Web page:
Superintendent Mark Johnson announced at Governor Roy Cooper’s Council of State meeting today that, using unspent Read to Achieve dollars, the state is buying a new iPad for every reading teacher in North Carolina.
He said money from 2016 that was meant to go to classrooms never did, and after discovering this, he decided to repurpose the funds to make the purchase. In an email comment, he explained how the decision came to be.
“The General Assembly began Read to Achieve because there is bipartisan consensus that early childhood literacy is a key metric for a student’s future success. Over the past 18 months, my team found that funds allocated to support Read to Achieve were in danger of being lost rather than going to classrooms across North Carolina,” he said. “Fortunately, we caught this error and, working closely with the General Assembly, were able to use a portion of these funds to provide iPads to K-3 reading teachers across North Carolina. These iPads are used to monitor student’s reading growth and help teachers identify where students are struggling.”
About $6 million went to make the purchases. For those districts that do not use iPads, the state will give them other devices using money from Read to Achieve.
At the Council of State meeting, Johnson went on to say that the state Department of Public Instruction would be changing its practices to allow teachers to “spend less time assessing and testing and monitoring students with this device and more time using it to transform education.”
He cautioned, however, that technology is not a silver bullet.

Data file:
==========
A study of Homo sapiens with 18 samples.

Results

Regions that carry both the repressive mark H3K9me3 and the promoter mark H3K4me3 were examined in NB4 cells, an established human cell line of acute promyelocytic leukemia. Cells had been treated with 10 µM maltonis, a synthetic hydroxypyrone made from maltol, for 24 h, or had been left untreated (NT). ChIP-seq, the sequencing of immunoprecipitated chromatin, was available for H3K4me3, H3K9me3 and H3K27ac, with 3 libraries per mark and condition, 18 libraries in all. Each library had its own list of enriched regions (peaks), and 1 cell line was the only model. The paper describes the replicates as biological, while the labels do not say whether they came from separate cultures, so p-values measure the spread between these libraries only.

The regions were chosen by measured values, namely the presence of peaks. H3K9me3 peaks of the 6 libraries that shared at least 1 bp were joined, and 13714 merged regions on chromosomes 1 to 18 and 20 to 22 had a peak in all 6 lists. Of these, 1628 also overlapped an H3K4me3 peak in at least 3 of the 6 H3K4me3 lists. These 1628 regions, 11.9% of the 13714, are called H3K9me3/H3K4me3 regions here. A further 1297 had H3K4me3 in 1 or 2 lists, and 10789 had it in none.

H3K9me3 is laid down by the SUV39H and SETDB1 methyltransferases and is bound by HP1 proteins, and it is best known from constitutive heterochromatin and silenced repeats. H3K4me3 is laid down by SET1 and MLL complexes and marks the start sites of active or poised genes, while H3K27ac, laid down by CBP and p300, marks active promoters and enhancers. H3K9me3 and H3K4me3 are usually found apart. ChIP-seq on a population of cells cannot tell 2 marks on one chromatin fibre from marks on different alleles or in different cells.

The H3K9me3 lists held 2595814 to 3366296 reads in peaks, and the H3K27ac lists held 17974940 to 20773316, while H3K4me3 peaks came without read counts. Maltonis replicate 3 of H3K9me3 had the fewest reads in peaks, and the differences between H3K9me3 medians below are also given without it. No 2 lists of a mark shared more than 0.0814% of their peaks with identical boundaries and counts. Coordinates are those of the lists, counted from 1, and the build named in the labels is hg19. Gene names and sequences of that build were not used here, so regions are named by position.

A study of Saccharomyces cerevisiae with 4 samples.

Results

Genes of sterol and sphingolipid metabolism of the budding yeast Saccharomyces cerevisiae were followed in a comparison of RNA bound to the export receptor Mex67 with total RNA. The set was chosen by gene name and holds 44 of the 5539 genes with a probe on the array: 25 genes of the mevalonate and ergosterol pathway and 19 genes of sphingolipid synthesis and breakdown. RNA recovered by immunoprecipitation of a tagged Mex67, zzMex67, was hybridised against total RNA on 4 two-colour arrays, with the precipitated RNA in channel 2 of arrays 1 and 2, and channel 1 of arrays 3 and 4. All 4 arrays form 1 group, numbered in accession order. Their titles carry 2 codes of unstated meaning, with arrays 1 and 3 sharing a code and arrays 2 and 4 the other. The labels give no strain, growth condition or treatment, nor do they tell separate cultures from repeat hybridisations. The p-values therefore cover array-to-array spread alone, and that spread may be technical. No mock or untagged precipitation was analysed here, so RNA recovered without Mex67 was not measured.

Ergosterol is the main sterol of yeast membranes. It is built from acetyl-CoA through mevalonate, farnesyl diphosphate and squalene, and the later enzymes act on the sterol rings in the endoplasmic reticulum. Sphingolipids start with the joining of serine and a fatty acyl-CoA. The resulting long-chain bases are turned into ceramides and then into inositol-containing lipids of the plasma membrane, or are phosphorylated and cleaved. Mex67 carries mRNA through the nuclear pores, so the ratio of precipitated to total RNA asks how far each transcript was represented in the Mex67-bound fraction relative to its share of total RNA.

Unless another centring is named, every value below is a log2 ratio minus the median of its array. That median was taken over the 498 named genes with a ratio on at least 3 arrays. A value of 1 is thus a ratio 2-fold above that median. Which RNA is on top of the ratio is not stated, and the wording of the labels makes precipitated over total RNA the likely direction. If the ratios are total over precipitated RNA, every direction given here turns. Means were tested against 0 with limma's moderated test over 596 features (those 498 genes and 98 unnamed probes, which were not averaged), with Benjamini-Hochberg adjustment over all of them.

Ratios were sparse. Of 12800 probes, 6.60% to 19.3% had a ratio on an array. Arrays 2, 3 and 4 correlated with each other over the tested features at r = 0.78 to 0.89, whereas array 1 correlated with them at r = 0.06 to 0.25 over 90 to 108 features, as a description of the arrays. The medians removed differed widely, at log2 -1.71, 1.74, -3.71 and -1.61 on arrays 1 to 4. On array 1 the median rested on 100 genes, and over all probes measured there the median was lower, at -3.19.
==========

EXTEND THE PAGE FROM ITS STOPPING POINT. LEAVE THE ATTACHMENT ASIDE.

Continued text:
“It should always be said that no matter how fancy and useful the device, it will never replace the teacher in the classroom,” he said.
Harnett County Schools Superintendent Aaron Fleming said in a press release the iPads will be helpful for students in his district.
“More iPads will allow us to provide more effective small-group literacy instruction in our K-3 classrooms,” he said. “These devices will allow us to further personalize learning for our students.”
Katie Gardner, a kindergarten teacher in Rowan-Salisbury Schools, said in the press release she finds her iPad helpful in connecting with her students.
“My Apple iPad ignites my creativity in developing engaging language arts and literacy lessons,” she said. “The iPad supports my innovation in creating personalized and relevant tasks for my students to acquire and grow in literacy.”
The announcement today follows several other literacy announcements from Johnson this year. In March, Johnson announced that every reading teacher in the state would be getting $200 for literacy materials. That was also funded through Read to Achieve. And in May, he announced two professional development initiatives, also through Read to Achieve. One initiative is through the Hill Center, A Durham education nonprofit, which will train 400 teachers. This program is also funded in part by The Mebane Foundation. The other program, Wolfpack WORKS, is a partnership between DPI and the NC State College of Education that will help K-2 teachers teach literacy skills to their students.